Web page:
Deputy Prime Minister Barnaby Joyce has come under fire for playing down allegations of water theft and political corruption following a damning report on the Murray Darling aired on the ABC’s Four Corners on Monday.
Speaking to a gathering at a pub in Shepparton, Victoria, on Wednesday, Mr Joyce took aim at the ABC investigation that identified apparent rorting by some irrigators of billions of litres in the Barwon-Darling region.
After downplaying the issue at a Canberra press conference, he then went even further at Shepparton, an ABC recording has revealed.
"You know what [the Four Corners program is] all about - it's about them trying to take water off you, [to] paint a calamity,” he said. “A calamity, for which the solution is that they're going to take more water off you, and shut more of your towns down."
In Tamworth on Friday Mr Joyce said he was “trying to bring a sense of proportionality to all this” in regard to the comments made in Shepparton and the impact the alleged water theft would have as far downstream as South Australia.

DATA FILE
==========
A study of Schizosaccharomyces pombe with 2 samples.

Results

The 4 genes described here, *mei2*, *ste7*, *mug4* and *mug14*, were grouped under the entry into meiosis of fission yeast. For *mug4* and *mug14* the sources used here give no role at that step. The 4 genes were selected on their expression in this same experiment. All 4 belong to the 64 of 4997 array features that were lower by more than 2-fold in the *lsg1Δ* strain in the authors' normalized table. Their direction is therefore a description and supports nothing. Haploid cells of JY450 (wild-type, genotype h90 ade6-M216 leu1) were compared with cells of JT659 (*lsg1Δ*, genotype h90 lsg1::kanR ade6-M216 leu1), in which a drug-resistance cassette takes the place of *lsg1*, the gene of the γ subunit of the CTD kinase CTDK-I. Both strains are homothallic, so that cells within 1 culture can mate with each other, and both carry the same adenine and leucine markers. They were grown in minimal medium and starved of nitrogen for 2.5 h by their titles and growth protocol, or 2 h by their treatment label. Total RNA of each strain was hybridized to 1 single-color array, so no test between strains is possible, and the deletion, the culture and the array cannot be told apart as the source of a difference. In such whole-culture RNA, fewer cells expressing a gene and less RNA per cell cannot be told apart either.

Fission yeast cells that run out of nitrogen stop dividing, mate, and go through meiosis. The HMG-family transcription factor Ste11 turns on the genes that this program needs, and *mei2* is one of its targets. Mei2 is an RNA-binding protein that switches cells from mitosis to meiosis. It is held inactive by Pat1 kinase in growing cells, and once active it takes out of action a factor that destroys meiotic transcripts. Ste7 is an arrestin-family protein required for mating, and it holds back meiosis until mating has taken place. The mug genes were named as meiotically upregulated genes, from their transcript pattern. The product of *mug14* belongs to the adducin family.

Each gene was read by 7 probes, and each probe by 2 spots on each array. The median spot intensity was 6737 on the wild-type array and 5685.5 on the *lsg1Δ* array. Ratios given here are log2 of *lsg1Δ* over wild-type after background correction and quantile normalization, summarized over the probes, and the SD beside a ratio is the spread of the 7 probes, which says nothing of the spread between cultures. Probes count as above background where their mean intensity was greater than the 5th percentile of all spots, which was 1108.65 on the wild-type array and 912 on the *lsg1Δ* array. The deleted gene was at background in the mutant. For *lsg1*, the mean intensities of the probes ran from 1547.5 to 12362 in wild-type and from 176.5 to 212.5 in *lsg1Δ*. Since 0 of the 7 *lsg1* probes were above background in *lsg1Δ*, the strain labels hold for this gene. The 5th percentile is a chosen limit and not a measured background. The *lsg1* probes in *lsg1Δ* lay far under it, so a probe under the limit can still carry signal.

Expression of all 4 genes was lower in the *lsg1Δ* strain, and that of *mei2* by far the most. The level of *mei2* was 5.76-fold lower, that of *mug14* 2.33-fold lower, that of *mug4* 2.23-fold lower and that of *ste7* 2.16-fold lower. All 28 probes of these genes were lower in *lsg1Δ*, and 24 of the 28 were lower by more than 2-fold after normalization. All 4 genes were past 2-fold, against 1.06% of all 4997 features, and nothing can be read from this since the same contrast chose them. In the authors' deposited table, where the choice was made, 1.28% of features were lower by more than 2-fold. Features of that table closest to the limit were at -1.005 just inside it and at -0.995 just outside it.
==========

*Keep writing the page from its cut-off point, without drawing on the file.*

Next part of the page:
He said there was “no doubt about it” that the issues had to be addressed, but cited water flow figures for the river system in a bid to put the scale into context.
“There is 32,500 gigalitres (gl) in the catchment of the Murray Darling Basin, now 7000gl goes over the barrages at South Australia,” Mr Joyce said. “160 (gl) is the total catchment of the Barwon-Darling, and the part they [Four Corners] are referring to is 10 (gl), and they are talking about a theft of part thereof, which is an allegation - an allegation of a theft of part of 10(gl).
“You try to take the debate back to the reality of the numbers, and say ‘yep, absolutely, if there is theft it is theft’, and you are going to be hauled over the coals for it.”
Mr Joyce said that the allegations of theft and corruption are a matter for the police, the courts,and for ICAC.
He went on to say that a “long bow had been drawn,” and that “there were two groups of people that want to see the basin plan fail”.
“There are people who basically want to throw it (basin plan) out, so they can use all the water for irrigation again, and that’s not going to happen,” he said.
“There is another group that want to throw it out because they want to start, basically, re-designing the numbers so there is more buybacks, and that would cause immense economic harm.”